Lisa Williams-Lahari, Climate Pasifika media
Saturday 19 December 2009, COPENHAGEN-- While Venezuela, Bolivia and other countries stood to stop the Copenhagen Accord from gaining credibility as a COP15 'compromise' text and the US said the first paragraph made it a COP position, the arguments dragged on between process and compromise. The non-binding accord, delivered in the wings of a COP meeting and outside of text offered up within COP's own rules and processes, was put before COP by the US and a handful of countries within COP's 193-nations attending.
Despite the recorded decision of COP that the meeting would only take note of the Accord, world headlines are already creating the perception the Accord is the outcome of the most historic climate change meeting in history.
The accord is outside of the formal UNFCCC process and therefore cannot feature as the basis for any legally binding platform under COP rules and procedures, said Bolivia in a session chaired by temporary COP President Colin Beck of the Solomon Islands; who had to close and then re-open debate on the issue.
While it was confirmed that the Accord was not a consensus, nor adopted by the COP, who only noted it, some countries referred to it as if it were a lifeline of sorts when looking for some outcomes.
"I always said we were going to seal a deal at Copenhagen. Not just any deal, but a fair deal and a just deal. History will judge what kind of a deal that is," said AOSIS chair Ambassador Dessima Williams in her final comments to COP15.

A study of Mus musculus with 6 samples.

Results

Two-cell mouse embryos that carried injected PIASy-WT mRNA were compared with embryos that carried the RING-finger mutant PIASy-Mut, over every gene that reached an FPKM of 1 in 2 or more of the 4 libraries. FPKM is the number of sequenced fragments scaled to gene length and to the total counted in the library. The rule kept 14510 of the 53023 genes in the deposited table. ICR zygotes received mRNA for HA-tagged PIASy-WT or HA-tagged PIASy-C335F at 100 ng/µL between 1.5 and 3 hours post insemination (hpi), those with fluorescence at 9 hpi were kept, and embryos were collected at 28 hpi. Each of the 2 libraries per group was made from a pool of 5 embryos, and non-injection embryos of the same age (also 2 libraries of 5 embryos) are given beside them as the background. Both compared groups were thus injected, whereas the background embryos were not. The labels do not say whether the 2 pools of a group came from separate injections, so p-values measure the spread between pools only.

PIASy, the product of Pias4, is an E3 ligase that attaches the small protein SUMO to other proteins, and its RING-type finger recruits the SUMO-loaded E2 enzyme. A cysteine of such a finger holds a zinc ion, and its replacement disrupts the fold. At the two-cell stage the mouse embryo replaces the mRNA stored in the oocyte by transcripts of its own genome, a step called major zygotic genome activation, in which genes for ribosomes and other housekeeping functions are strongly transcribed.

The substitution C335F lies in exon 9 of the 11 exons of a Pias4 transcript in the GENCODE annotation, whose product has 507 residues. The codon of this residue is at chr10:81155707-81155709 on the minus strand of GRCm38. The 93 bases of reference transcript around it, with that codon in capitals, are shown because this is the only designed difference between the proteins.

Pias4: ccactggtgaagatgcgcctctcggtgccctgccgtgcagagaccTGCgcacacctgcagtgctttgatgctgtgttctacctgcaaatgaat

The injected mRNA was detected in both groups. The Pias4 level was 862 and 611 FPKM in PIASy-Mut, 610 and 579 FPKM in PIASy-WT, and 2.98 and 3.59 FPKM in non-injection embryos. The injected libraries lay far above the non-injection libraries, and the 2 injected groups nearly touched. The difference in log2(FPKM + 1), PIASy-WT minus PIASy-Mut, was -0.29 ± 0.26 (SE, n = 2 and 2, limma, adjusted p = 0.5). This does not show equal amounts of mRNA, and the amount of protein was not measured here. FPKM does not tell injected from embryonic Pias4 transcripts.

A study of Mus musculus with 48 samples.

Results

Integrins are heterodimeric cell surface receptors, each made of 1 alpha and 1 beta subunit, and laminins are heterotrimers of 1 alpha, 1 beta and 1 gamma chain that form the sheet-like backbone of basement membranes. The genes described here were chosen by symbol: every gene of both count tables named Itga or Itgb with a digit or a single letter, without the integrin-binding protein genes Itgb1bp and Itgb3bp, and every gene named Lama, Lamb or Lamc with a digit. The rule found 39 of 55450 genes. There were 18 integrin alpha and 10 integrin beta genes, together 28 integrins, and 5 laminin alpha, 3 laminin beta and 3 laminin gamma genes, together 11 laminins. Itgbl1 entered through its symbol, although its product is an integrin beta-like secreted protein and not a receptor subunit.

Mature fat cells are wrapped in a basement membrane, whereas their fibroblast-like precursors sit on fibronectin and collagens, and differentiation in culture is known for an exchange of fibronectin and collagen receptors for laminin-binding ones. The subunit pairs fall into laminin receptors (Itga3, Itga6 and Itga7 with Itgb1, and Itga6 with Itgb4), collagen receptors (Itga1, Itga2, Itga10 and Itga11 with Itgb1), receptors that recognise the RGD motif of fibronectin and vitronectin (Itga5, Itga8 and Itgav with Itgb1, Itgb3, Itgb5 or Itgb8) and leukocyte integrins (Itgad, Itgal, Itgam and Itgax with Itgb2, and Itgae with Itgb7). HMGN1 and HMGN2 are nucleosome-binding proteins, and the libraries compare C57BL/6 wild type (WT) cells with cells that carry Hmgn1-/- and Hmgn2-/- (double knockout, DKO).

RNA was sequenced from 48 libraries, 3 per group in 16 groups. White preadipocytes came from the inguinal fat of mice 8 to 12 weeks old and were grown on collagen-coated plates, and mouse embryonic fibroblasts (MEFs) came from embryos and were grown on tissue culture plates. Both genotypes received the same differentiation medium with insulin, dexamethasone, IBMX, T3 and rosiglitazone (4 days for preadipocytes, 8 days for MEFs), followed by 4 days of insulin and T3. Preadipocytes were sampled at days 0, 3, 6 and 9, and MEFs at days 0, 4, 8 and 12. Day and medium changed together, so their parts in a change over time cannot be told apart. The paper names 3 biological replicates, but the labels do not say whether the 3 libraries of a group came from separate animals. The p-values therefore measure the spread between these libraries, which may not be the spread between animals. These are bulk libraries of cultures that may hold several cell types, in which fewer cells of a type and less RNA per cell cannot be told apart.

Apologising to constituent members of AOSIS who felt "betrayed and hurt" by the decision of Grenada, as AOSIS chair, to back the Copenhagen Accord, Williams said," while we negotiate, yield and compromise, our fundamental right of our people to survive and develop remains our bedrock. And so we go, forced to work for 1.5 because that is the maximum threshold that will allow us to plan for survival, and sustainable development."
Papua New Guinea and other Pacific leaders who have decided, some reluctantly and others quietly, to go along with a Copenhagen outcome -- the nature of which many were still confused over at midday on Saturday.
PNG's Kevin Conraud, noting that while the Copenhagen Accord noted by COP15 "is not perfect", focussed on small next steps for countries who have allied themselves to it: it supports a two-track framework for climate change work and allows for a quick start funding mechanism.
Conraud called on the UNFCCC secretariat to move on an offer from Ethiopia to convene a HLM event. From the AOSIS perspective, any chance to keep discussing the Accord allows space to ensure island state members might be able to turn it around.
"We ask you to turn this accord into the promise it offers," said Ambassador Williams, "It must live up to what it set out to do. It must move and give us back a maximum temperature increase of 1.5 and not 2 degrees. It must give us back all the Bali Action Plan language we value, and must give us legally binding outcomes. But most of all we call on those who have the ability to do so, to deliver the financing. This was never about financing, certainly for AOSIS, but we acknowledge there are many states parties for whom financing for climate change is critical and therefore we expect the Copenhagen Accord will deliver," she said.
"It is almost 18 days since our delegations arrived into Copenhagen, renamed Hopenhagen. We came seeking to advance the cause of our island states, for our survival, development and existence. It's too early to take stock of whether we succeeded or failed. We lost many things along the way, and hopefully we gained some. We lost our vigorous commitment from other parties on 1.5 degrees. We were not able to secure a legally binding agreement outcome or mid term targets and many other contributions critical to survival and success of this conference," Williams said.
The 22 heads of state from AOSIS region and many scores of negotiators tasked with being diplomatic bridge builders had much work to do towards the next COP, said Williams.